Dow Jones Industrial Average hesitates on Wednesday as markets wait for key US data

  • Dow Jones falls back below 38,400 and then recovers as risk appetite wobbles.
  • US Durable Goods Orders missed forecasts, but still climbed.
  • US GDP, PCE inflation are key data highlights for the rest of the week.

The Dow Jones Industrial Average (DJIA) stumbled on Wednesday, falling from recent highs near 38,550.00 as investors ease off of Tuesday’s risk appetite. The index recovered heading into the late American trading session as US data continues to vex financial markets that remain overwhelmingly focused on rate cuts from the US Federal Reserve.

US Durable Goods Orders in March failed to meet modelled forecasts, with Durable Goods Orders Excluding Defense rising 2.3% versus the forecast 2.5%, and Durable Goods Orders Excluding Transportation rising only 0.2% against the forecast 0.3%. Despite missing forecasts, both figures beat their previous prints handily (1.5% revised from 2.2% and 0.1% revised from 0.5%, respectively). Headline Durable Goods Orders rose 2.6% MoM compared to the previous month’s 0.7% (revised from 1.4%). 

The uptick in US activity throws a wrench in market hopes for an accelerated path towards rate cuts that were reignited on Tuesday after the US’ Purchasing Managers Index (PMI) figures missed expectations. Markets will now to turn to Thursday’s US Gross Domestic Product (GDP) and Friday’s US Personal Consumption Expenditure (PCE) inflation. US GDP is expected to ease to 2.5% for the annualized first quarter from the previous 3.4%, while Core US PCE Price Index inflation is expected to hold steady at 0.3% MoM in March.

Dow Jones news

The Dow Jones is recovering from an early US session dip, which briefly drove it back below 38,300.00. The major equity index is now churning near 38,500.00. Earnings season is in full swing, with Meta Platforms (META), IBM (IBM), and Chipotle (CMG) all reporting earnings after market close on Wednesday. Corporate earnings are helping to bolster equity valuations, but batter rate-cut hopefuls continue to weigh on investors’ outlook, crimping recent gains.

Close to half of the individual equities that make up the Dow Jones are currently in the red for Wednesday, with the loss leaders including Boeing Co. (BA) and Home Depot Inc. (HD), down 2.75% and 1.76%, respectively at the time of writing. Topside in the DJIA goes to Coca-Cola Co. (KO) and Intel Corp. (INTC), each up around 1.3% on the day.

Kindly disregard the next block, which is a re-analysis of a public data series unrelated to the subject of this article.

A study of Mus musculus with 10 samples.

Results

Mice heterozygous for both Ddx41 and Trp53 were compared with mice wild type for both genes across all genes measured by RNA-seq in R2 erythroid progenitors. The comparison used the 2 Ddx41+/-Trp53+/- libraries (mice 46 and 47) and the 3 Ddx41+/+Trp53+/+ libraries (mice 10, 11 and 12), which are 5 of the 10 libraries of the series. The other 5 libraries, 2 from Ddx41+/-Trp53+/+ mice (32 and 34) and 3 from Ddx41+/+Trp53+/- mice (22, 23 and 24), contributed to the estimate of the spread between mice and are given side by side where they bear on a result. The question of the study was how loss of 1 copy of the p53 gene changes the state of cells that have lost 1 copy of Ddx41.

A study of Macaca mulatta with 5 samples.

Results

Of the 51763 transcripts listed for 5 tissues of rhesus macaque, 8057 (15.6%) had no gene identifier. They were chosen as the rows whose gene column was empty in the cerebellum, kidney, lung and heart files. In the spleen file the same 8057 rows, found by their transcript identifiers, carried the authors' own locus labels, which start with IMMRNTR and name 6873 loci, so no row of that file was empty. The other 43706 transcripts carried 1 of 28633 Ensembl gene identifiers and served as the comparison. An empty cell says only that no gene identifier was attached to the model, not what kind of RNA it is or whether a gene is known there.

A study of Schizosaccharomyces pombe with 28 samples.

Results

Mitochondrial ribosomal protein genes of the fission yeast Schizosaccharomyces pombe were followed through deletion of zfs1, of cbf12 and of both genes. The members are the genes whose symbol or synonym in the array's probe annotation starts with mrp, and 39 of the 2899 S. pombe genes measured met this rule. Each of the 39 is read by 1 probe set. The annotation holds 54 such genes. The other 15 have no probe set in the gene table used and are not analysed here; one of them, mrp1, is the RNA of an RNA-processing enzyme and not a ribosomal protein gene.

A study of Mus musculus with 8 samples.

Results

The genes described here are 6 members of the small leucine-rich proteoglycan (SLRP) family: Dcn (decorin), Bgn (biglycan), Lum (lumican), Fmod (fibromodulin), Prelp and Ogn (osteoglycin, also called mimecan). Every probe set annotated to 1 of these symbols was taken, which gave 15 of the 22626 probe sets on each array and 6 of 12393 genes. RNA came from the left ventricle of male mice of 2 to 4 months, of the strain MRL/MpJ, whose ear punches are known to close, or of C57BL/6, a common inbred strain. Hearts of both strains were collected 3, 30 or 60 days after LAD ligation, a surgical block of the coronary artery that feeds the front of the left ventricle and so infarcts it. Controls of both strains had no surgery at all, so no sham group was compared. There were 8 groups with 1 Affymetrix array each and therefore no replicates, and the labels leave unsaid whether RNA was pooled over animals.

Dow Jones technical outlook

The Dow Jones set an early high for Wednesday at 38,558.96, with the day’s low etched in at 38,925.14. Overall momentum is still tilting into the bullish side, with the index up 2.35% from the last swing low near 37,500.00.

The Dow Jones snapped a three-day winning streak as the major index grapples with moderate selling pressure. The DJIA remains hamstung in a tricky midrange between the last major swing high approaching 40,000.00 and the 200-day Exponential Moving Average (EMA) providing major technical support from 36,720.70.

Dow Jones five minute chart

Dow Jones daily chart

Dow Jones FAQs

The Dow Jones Industrial Average, one of the oldest stock market indices in the world, is compiled of the 30 most traded stocks in the US. The index is price-weighted rather than weighted by capitalization. It is calculated by summing the prices of the constituent stocks and dividing them by a factor, currently 0.152. The index was founded by Charles Dow, who also founded the Wall Street Journal. In later years it has been criticized for not being broadly representative enough because it only tracks 30 conglomerates, unlike broader indices such as the S&P 500.

Many different factors drive the Dow Jones Industrial Average (DJIA). The aggregate performance of the component companies revealed in quarterly company earnings reports is the main one. US and global macroeconomic data also contributes as it impacts on investor sentiment. The level of interest rates, set by the Federal Reserve (Fed), also influences the DJIA as it affects the cost of credit, on which many corporations are heavily reliant. Therefore, inflation can be a major driver as well as other metrics which impact the Fed decisions.

Dow Theory is a method for identifying the primary trend of the stock market developed by Charles Dow. A key step is to compare the direction of the Dow Jones Industrial Average (DJIA) and the Dow Jones Transportation Average (DJTA) and only follow trends where both are moving in the same direction. Volume is a confirmatory criteria. The theory uses elements of peak and trough analysis. Dow’s theory posits three trend phases: accumulation, when smart money starts buying or selling; public participation, when the wider public joins in; and distribution, when the smart money exits.

There are a number of ways to trade the DJIA. One is to use ETFs which allow investors to trade the DJIA as a single security, rather than having to buy shares in all 30 constituent companies. A leading example is the SPDR Dow Jones Industrial Average ETF (DIA). DJIA futures contracts enable traders to speculate on the future value of the index and Options provide the right, but not the obligation, to buy or sell the index at a predetermined price in the future. Mutual funds enable investors to buy a share of a diversified portfolio of DJIA stocks thus providing exposure to the overall index.